Basics and sides

Demi-glace for home cooks

The more you learn about classic French cooking, the more you realise how important demi-glace is to sauces. A traditional demi-glace is a sauce espagnole mixed 1:1 with brown stock and reduced to a near syrup. Fortified wine may be added to finish it.

This is a superficially simple idea, but its execution in a domestic kitchen is anything but.

Demi-glace is a daughter sauce of espagnole. For a home cook, this is a massive problem. Demi-glace is made simmering espagnole down to a syrup and then finishing with a meat glaze, which is a whole other batch of demi-glace reduced even further to a jelly. Madiera or sherry is added at the last moment.

The espagnole base is traditionally made by simmering brown stock with standard stock vegetables, aromatics, pork belly, white wine and tomatoes … for about a day. That ‘brown stock,’ known as an ‘estouffade,’ is a whole other bundle of trouble as it calls for bone-in beef shin, veal trimmings, a knuckle of ham, pig skin, more veg and a bouquet garni. That puppy is simmered for 12 hours.

So, from start to finish, a demi-glace requires about 3 days of cooking and half a farmyard of animal bones. 

Nobody in their right mind is going to try to make a proper demi-glace at home.

However, there are ways around this. Firstly, you can buy commercially made demi-glace to make up to volume with water. But, equally, you can get a good stab at a ‘demi’ without buying any special ingredients. Our method for demi-glace relies on the realisation that those jelly-style stock pots are technically a meat glaze.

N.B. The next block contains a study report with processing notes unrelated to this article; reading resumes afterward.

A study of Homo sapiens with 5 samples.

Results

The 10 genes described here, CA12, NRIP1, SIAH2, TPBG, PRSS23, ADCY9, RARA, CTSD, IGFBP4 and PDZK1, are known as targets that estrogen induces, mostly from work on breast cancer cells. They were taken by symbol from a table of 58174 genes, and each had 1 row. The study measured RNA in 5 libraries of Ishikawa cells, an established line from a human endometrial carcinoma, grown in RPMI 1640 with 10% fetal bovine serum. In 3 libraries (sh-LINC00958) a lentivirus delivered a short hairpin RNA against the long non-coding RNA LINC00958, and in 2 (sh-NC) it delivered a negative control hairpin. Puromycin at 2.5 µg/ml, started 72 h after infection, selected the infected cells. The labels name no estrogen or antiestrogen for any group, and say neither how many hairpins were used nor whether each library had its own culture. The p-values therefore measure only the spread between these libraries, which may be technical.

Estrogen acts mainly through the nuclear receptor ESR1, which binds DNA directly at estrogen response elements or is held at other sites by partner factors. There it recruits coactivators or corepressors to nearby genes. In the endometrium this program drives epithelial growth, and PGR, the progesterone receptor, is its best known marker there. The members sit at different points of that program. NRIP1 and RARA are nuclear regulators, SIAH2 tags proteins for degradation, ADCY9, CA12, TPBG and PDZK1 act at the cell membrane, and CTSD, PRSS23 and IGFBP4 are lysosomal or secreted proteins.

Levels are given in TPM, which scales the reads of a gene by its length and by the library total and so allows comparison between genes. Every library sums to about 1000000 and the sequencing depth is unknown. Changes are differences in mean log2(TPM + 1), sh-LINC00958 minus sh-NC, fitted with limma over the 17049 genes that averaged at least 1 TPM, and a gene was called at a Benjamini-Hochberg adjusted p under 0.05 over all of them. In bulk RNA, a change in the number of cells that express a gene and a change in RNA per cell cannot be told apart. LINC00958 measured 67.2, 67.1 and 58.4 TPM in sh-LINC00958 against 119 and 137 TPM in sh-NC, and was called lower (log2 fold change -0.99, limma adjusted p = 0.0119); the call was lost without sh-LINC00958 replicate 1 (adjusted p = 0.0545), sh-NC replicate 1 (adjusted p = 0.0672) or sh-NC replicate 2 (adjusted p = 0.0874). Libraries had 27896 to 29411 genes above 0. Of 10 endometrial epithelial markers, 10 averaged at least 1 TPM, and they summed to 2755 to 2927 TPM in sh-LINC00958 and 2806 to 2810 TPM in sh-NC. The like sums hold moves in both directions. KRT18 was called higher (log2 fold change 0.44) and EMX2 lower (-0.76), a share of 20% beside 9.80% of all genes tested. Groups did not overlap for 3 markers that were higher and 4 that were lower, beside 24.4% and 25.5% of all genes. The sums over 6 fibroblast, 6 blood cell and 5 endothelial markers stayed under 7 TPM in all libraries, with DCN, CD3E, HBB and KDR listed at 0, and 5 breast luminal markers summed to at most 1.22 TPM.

So, we make up a commercial beef stock with water and add a squirt of tomato puree and a splash of white wine. If we are feeling frisky, we can add a pig’s trotter to the mix to obtain the pork flavour in the original. The usual vegetables are added. If that stock is reduced down a long way, then it can be finished with a Knorr beef stock pot to ape the glaze and create a demi-glace. We are not pretending that 3 hours and a pig’s foot are not trivial, but this method does cut out an awful lot of bother while retaining the true sense of the sauce.

Very occasionally, we will have faffy homemade beef stock, so obviously that is used instead of commercial stock.

Demi-glace for home cooks

Cooking Time: 3 hours


  • 3L beef stock
  • 1 carrot, split
  • 1 stick of celery, split
  • 1 onion, halved
  • 1 bouquet garni
  • 3 tbsp tomato puree
  • 2 pig's trotters
  • 250ml white wine
  • 2 Knorr beef stock pots (cubes will not do)
  • Splash of sherry (optional)



Put all the ingredients except the jellied stock and the sherry in a large stock pot and simmer for about 2–3 hours until very reduced. Skim any impurities off as needed. Strain into a fresh pan, skim and add the stock jelly. Whisk in and simmer until a thick, coating consistency is obtained. Add the sherry and bubble a bit more to get some of the alcohol out of it.


It can help to have some unmolested stock left over in case the thickening step takes things a bit too far.

    09/11/2022 at 11:24 am

    I’m going to try the Demi glacé. Thank you for your tips.

    • Reply
      Nigel Eastmond
      09/11/2022 at 1:12 pm

      Hi Sara, this recipe has remained a great staple for me. If you freeze your finished demi in a relatively shallow box (I use some Lakeland freezer boxes and freeze it about an inch thick in the bottom), then you can easily carve a bit off to use in a sauce when you need it. For some reason, it cuts quite readily when frozen.